Have you ever googled the meaning of happiness? We doubt. So, let’s tell you what Oxford has to say, when it comes to the definition of happiness. It calls it the pleasurable contentment of the mind. So, if you are content, then you are happy. And to be content, you need a goal and perseverance to achieve it.
Every New Year’s eve, most of us make certain goals, and as the year progresses, most of them vanish in thin air. But, why did it happen in the first place? That’s because most of the time we bang our heads on the wrong wall. We consider things that are more connected with materialism, and less towards internal happiness and contentment.
According to Dr Rahul Khemani, a psychiatrist from Wockhardt Hospital, Mumbai we need to understand that our goals and happiness are interlinked.
1. Intrinsic goals: These are those goals that are connected with our own psychology. It is us who have to do everything to fulfill them, and no external force can help there. Intrinsic goals are linked to yourself; your personal growth, health and relationships with yourself and others.
“Self-acceptance is the key to achieving intrinsic goals. You need to introspect. What you think, feel, or how you behave decides everything, when it comes to achievement,” suggests Dr Khemani.
2. Extrinsic goals: These goals are related to external influence. Things like money, fame, status, or anything else that requires validation from others comes in here.
Q 1 What are my values?
Q 2 What I want to achieve?
Q 3 Who am I? What’s my purpose?
Q 4 What’s my path?
Basically, all these questions are intrinsic in nature. Our habits give us happiness and they don’t have to be complex. Even a simple thing like cleaning your home, cooking, gardening, etc. can make you happy, and these can also be set as daily goals to feel a sense of contentment.
“We are born the way we are, but we can decide who we want to die as,” says Dr Rahul.
Goals that you can’t measure are not goals but some form of desire. In all probability, you won’t be able to achieve them, because you haven’t chalked out a plan. You should keep them short-term, so that you can stay motivated through and through.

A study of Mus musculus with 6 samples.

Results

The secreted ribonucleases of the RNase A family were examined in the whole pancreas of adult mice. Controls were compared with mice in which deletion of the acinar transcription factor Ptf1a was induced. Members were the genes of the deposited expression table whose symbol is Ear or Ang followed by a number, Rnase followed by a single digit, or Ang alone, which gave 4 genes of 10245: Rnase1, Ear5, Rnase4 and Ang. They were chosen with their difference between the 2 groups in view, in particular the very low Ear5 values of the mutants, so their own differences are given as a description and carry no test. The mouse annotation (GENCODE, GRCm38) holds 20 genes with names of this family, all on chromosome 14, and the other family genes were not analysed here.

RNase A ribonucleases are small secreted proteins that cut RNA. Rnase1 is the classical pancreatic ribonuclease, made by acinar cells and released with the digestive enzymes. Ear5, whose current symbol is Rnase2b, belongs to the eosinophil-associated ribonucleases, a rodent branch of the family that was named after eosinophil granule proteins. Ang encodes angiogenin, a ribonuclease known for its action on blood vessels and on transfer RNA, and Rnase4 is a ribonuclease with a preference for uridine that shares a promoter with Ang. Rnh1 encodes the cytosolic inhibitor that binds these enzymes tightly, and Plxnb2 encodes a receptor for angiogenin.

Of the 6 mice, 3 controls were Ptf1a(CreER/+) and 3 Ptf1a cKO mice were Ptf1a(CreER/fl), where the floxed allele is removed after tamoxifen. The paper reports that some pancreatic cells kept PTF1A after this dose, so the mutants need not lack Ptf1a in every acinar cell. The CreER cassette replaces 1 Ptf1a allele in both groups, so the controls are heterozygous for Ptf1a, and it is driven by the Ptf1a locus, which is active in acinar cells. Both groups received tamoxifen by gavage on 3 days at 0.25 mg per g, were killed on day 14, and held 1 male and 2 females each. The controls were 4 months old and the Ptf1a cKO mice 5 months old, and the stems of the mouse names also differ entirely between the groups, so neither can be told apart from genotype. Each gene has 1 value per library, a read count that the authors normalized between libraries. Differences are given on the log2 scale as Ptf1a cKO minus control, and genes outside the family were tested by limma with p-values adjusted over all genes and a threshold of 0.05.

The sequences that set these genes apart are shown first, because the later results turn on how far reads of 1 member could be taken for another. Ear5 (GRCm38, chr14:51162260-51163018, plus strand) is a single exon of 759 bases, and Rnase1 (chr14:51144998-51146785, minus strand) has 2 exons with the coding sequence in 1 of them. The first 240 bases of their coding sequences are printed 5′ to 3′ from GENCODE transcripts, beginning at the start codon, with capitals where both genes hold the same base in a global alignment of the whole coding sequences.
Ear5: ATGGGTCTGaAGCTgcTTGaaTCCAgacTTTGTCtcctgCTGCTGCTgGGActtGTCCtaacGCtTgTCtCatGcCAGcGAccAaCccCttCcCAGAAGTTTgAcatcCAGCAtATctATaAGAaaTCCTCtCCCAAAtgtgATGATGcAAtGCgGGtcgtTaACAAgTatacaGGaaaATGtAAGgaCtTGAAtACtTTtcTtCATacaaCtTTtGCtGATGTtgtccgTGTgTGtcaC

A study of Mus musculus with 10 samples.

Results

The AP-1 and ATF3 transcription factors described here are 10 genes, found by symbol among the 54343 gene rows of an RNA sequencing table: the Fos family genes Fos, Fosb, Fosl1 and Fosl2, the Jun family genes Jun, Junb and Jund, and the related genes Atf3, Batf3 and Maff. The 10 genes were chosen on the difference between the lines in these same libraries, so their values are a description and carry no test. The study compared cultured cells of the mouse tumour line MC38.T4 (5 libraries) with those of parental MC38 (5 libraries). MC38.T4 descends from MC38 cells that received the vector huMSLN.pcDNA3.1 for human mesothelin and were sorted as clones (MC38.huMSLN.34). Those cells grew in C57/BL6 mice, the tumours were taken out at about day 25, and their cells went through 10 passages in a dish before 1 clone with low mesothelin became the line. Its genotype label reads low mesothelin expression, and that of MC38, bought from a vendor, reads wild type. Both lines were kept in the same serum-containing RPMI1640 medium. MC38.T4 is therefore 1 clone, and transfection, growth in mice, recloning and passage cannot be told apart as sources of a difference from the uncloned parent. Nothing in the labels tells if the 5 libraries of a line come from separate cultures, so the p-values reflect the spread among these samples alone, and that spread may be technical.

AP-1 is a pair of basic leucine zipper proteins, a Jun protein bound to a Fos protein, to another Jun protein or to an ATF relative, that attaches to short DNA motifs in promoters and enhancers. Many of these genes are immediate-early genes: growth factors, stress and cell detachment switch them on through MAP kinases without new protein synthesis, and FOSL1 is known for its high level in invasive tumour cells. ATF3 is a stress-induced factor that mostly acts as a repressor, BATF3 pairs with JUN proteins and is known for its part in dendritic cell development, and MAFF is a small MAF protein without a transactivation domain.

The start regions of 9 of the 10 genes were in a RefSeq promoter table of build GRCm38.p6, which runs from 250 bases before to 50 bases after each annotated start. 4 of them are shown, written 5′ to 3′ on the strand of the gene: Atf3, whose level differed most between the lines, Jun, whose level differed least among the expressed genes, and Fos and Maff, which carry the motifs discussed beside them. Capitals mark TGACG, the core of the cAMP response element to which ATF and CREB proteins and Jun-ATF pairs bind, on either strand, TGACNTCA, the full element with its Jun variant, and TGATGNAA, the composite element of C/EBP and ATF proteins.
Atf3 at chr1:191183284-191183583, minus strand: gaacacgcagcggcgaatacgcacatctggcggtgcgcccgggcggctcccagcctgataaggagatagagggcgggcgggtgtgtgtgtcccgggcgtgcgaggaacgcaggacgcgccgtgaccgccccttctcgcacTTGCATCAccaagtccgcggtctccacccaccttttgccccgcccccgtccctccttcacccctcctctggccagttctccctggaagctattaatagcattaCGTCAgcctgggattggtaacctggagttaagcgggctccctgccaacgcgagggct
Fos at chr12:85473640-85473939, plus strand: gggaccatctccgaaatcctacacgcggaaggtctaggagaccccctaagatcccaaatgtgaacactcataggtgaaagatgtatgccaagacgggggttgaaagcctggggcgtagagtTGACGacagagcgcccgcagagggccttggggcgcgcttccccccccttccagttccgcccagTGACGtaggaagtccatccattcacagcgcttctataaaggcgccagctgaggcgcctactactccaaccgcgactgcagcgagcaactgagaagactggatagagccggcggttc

“I ask my clients to divide their goals into one year, five years, and 20 years, and chart out their goals accordingly. In fact, one should make daily goals as they keep you up,” recommends Dr Khemani.
If you set your goals, just like another task that you want to start and get over with, then there is no fun. Plus, there are high chances that you will drop it midway. “You always have time for yourself. This will make you happy. It is always better if you work towards something, rather than escaping it,” says Dr Khemani.
“What you want to do, plan out, make a roadmap, so that you know where you are going. And track if you are going right or wrong,” suggests Dr Khemani.
You need to reward yourself, that’s the only way to enjoy your goal fulfillment journey. But, rather than rewarding yourself with something materialistic, give yourself an experience because that will have a longer shelf life. It will be engraved in your memory and help you strive for more.
“Striving constantly to achieve more is not happiness. It is just an endless loop. Instead, be focused on finishing things on a daily basis. So, you sleep every night with a sense of contentment and happiness,” concludes Dr Khemani.